Swing Volume 2
Matt Hawkins (writer), Jenni Cheung (writer), Yishan Li (artist), Troy Peteri (letterer), Linda Sejic (artist)
Top Cow Productions
September 18, 2019
Dan and Cathy are a couple approaching 40. They are still very much in love, and though there are some glitches in their career path, they are fairly successful. They have two children and a mom readily available to babysit. Their life in general is more or less ideal, but they’ve lost that spark in their sex life. In the first volume of Swing, they discovered the kindling they need to reignite their passion through swinging.
The second volume opens with a recap of what came before as the couple awkwardly waded into this new lifestyle. There were, unsurprisingly, some hiccups, with Dan finding the idea of sex clubs and swinging with a whole other heterosexual couple a bit too much for him to handle. But when Cathy invites a girlfriend over, the magic finally happens.
Like the previous, this volume opens with an erotic spread, beautifully and tastefully drawn and coloured in warm reds, lushly decorated with roses. Yishan Li’s work here feels more robust than with Sugar, her previous sex positive collaboration with writer Matt Hawkins. Characters are more distinguishable and the poses feel more comfortable and far more erotic.
From there, Dan and Cathy’s story starts up again. Their play with threesomes has been successful, but Dan understands that Cathy wants something more and that his aversion to involving men is unfair to her as she explores her sexuality, having never been with other men (or women) before they got together, as he had been with other women. He decides that he’s willing to try swinging with other couples, and this is the focus of the arc from here on out.
Top Cow has made a name for itself in the realm of mainstream sex positive comics with Sunstone. What Sunstone does for the BDSM lifestyle, Swing attempts to do for swinging. Like Sunstone, Swing offers some insight into the lifestyle, working in the lingo and letting us discover the ups and downs along with Dan and Cathy. It serves as a helpful introduction, maintaining a strong, positive focus on the sexual exploration in a healthy, open, and honest relationship. Though they speak about people in their lives who may not be so accepting or understanding of what they are doing, Dan and Cathy themselves express no shame in their decisions, and being honest with each other at all times is the key that Hawkins stresses throughout.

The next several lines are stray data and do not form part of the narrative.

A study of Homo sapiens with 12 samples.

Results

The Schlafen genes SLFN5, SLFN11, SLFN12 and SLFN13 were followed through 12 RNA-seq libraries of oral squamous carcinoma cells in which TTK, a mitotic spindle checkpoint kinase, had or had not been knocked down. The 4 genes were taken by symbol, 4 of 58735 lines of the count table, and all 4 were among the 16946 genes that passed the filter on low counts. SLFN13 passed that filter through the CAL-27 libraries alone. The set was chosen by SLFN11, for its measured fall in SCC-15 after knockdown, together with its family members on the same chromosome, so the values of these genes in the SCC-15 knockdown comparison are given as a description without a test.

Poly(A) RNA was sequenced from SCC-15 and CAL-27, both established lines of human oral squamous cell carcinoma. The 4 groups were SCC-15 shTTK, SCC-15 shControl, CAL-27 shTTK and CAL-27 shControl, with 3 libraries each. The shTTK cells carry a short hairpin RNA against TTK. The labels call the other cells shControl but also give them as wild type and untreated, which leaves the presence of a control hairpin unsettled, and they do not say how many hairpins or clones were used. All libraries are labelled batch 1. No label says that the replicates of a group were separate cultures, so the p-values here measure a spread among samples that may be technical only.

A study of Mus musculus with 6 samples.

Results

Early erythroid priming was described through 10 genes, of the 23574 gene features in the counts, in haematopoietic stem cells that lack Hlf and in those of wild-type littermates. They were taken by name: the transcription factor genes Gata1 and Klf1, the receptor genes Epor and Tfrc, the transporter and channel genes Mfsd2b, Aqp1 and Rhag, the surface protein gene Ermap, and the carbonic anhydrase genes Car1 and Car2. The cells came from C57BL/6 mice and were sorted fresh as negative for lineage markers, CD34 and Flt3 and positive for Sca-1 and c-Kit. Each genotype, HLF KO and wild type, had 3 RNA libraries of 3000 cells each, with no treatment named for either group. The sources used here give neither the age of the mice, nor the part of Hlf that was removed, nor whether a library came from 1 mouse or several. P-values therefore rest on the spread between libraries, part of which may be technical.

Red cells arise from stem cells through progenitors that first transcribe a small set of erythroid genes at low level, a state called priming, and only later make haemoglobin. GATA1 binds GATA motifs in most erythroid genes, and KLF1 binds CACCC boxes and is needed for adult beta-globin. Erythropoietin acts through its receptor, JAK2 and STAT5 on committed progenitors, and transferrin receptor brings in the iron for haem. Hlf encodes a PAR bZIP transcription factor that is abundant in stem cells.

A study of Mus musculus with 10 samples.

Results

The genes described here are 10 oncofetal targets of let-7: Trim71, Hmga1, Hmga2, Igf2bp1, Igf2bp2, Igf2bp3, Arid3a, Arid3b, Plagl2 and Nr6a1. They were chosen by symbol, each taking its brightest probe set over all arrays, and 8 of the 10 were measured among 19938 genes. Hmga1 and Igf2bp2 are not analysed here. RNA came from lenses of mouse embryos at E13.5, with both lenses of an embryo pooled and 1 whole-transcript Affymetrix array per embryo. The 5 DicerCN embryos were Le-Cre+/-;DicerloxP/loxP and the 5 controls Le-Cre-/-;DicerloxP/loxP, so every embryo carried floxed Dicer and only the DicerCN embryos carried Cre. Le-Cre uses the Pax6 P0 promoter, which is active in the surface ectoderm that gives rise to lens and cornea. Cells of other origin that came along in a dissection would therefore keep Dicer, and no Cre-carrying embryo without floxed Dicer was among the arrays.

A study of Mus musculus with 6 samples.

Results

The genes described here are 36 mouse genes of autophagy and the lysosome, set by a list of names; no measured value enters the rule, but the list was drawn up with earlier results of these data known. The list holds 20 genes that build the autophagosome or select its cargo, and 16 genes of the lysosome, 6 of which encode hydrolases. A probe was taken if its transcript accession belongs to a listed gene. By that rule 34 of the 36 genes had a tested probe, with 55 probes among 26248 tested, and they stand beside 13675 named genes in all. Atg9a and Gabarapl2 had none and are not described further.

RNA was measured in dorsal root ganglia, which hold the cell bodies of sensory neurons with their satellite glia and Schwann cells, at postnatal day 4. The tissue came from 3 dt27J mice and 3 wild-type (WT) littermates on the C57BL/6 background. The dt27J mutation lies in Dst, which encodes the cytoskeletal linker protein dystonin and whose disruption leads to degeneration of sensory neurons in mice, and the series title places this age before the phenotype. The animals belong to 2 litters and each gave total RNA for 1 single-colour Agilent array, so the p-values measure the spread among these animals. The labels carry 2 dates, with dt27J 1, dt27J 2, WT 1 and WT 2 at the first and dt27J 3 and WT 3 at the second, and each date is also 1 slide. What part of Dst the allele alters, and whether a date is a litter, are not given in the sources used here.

What Swing lacks, however, is the warmth and character depth and interaction of Sunstone, making the writing feel more clinical than it should be in a comic about romantic and erotic interludes. However, through shared glances and constant touch, Li keeps the connection between Dan and Cathy strong, but the couple is undefined beyond being almost-40 parents who are learning about this lifestyle. I want to see more moments of them being a couple, being individuals, and being parents–outside of their hunt for swinging satisfaction. Narrative dialogue (neatly identified by distinctive male and female symbols with lettering by Troy Peteri that softens the clinical nature of the text) and a few panels tell us that Dan and Cathy’s lives have improved in many ways outside of their sexual exploration. They are happy, we’re told. But we don’t get to see enough evidence of that to truly get to know who these people are and therefore care about them beyond the lifestyle instructions they are providing.
Their children are window dressing, occasionally bursting in at inconvenient moments to inject humour, but otherwise existing solely in the background. (I sigh wistfully at how Cathy’s tiny perfect nipples and perfectly round and firm breasts managed to survived two children.) There’s one moment where a parenting disagreement comes into play, but it’s a passing moment, quickly forgotten, save for the fact that it’s steeped in dishonesty (‘don’t tell your mom’) despite honesty being one of the biggest touchstones of swinging.
The true highlight of the book is when, after sorting through the “fakes and flakes” permeating the lifestyle, Dan and Cathy finally find an experienced couple with whom they click. I wanted to see more of this couple, but one of the many and necessary rules that Dan and Cathy agree to abide by is avoiding repeated contact with the same people, and being open about chance meetings with any sexual partners outside of arranged play. Tension creeps in towards the end of the volume when, inevitably, these rules threaten to be tested. The first two volumes of the story are slowly paced up to this point as Hawkins works to establish and explain the lifestyle and Dan and Cathy’s role in it. But if you’ve made it this far, the tease of that tension promises to really heat things up for the future.
The maturing sexuality of the publisher through titles like these is commendable and I want to see so much more of this from Top Cow. I want to see more big name publishers be brave enough to do the same because positive portrayals of sexuality and romance in mainstream comics doesn’t need to be so niche.